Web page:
MCM5 promotes tumour proliferation and correlates with the progression and prognosis of renal cell carcinoma
The Oncomine database was analysed to determine the differential expression of MCMs in RCC. A total of 50 RCC tissues were evaluated by immunohistochemistry (IHC), and the association between MCM5 and clinicopathologic features was determined. Kaplan–Meier curves and the log-rank test were applied for survival analysis. MCM5 expression in RCC tissues and cell lines was examined further by Western blotting. To explore the biological function of MCM5 in RCC, RCC cell lines (786-0, 769p) were transfected with shRNA-MCM5 or MCM5. Cell proliferation was assessed using MTT and colony-formation assays. Tumour xenografts were generated in nude mice to confirm the effects of MCM5 on tumour growth.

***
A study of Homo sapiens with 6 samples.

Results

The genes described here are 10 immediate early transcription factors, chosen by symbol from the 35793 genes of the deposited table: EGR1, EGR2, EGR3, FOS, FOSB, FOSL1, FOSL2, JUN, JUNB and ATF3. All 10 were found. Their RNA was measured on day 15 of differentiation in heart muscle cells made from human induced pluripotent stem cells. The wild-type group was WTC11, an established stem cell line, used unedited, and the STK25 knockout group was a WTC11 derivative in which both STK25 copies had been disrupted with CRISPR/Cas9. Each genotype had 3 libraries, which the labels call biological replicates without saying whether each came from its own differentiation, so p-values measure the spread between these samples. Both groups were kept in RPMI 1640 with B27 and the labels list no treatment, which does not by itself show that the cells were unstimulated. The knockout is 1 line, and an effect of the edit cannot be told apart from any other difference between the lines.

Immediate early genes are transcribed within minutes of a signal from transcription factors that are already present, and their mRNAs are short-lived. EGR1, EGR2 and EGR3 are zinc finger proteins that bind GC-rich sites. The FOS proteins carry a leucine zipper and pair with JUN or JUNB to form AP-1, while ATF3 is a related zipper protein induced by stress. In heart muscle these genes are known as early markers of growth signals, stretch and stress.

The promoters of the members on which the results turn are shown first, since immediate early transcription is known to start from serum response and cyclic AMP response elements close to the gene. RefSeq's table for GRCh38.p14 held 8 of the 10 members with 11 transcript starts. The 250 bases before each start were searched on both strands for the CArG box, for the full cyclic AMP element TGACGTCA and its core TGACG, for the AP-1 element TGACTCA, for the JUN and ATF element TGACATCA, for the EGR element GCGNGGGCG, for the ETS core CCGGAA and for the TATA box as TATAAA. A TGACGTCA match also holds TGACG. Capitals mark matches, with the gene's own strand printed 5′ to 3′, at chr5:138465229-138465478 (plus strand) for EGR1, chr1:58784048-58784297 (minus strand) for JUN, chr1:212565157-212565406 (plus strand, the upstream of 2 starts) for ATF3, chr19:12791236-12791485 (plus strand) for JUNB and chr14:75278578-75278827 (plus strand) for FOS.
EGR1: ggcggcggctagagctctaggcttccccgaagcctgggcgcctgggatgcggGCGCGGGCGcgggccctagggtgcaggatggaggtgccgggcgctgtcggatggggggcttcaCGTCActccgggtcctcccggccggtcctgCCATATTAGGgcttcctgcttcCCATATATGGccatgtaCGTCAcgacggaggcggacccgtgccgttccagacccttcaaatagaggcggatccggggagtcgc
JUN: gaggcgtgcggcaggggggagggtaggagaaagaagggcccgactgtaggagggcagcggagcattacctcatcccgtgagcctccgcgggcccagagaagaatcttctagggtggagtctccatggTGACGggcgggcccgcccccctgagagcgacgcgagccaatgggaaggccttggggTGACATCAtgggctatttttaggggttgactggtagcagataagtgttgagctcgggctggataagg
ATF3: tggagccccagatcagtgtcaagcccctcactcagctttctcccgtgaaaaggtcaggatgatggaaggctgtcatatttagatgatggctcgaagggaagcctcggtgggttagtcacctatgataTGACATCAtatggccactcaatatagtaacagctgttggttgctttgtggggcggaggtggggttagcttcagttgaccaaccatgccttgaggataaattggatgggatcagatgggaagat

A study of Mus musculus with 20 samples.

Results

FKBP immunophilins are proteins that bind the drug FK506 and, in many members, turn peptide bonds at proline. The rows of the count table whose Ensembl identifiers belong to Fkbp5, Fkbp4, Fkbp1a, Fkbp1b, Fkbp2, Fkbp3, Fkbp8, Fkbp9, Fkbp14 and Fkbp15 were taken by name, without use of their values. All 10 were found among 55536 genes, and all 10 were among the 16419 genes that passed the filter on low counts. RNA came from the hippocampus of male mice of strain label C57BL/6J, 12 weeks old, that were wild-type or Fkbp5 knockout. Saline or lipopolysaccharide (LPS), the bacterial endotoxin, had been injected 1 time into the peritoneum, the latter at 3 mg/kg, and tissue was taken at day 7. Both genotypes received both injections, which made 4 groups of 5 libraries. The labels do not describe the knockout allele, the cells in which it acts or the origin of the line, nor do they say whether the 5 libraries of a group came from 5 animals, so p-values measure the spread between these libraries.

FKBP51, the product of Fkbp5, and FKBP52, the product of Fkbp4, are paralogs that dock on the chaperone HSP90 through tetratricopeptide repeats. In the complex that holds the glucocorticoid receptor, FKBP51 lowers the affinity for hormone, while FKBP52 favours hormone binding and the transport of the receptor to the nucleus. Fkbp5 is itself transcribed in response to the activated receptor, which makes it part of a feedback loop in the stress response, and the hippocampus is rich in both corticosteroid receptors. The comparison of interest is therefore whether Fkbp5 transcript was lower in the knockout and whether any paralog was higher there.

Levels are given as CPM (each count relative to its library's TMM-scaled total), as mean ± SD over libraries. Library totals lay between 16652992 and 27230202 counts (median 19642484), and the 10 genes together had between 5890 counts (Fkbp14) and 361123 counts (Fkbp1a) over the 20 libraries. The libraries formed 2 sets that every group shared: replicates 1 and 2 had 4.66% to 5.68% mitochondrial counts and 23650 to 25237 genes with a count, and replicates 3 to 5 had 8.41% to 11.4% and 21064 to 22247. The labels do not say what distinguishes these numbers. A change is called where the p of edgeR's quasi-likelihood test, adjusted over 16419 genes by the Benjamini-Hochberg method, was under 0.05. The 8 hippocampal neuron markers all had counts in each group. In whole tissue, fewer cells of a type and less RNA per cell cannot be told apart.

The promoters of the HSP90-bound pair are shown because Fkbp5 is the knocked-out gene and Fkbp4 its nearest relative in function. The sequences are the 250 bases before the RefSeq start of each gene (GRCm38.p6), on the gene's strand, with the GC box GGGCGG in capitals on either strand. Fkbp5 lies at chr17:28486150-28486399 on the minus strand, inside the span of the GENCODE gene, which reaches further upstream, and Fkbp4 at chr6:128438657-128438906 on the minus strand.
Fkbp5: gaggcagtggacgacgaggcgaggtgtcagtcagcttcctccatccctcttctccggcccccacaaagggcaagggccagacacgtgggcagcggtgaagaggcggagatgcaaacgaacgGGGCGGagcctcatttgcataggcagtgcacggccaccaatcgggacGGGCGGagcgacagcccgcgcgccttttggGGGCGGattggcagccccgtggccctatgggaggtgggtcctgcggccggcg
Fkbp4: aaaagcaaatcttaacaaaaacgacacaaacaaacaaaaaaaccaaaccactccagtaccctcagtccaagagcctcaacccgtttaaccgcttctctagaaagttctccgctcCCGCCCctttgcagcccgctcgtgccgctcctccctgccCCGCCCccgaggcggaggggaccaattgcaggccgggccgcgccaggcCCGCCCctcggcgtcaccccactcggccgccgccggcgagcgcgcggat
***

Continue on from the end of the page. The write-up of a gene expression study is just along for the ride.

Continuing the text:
MCM5 was significantly overexpressed in RCC tissues; this outcome was confirmed by the Oncomine database, IHC and Western blotting. IHC and LinkedOmics analysis demonstrated that the MCM5 expression was significantly associated with pathological stage, lymph node status, distant metastasis, and TNM stage (p < 0.05) but not with sex, age, position, or tumour size (p > 0.05). Furthermore, high MCM5 levels correlated with unfavourable clinical outcomes in RCC (p < 0.05). Additionally, MCM5 silencing inhibited RCC cell line proliferation and reduced 786-0 xenograft tumour growth; in contrast, MCM5 upregulation promoted cell proliferation.
MCM5 overexpression is associated with malignant status and poor prognosis in RCC. Additionally, MCM5 plays an important role in proliferation and may be a potential prognostic marker and novel therapeutic target for RCC.
KeywordsMCM5 Renal cell carcinoma Proliferation Prognosis
This study is supported by National Natural Science Foundation of China (NSFC) .
Compliance with ethical standards
Conflict of interest
The authors declare that they have no competing interests.
The study has been approved by the Ethics Committee of the First Affiliated Hospital of Nanchang University.
Informed consent was provided by all patients who provided clinical specimens.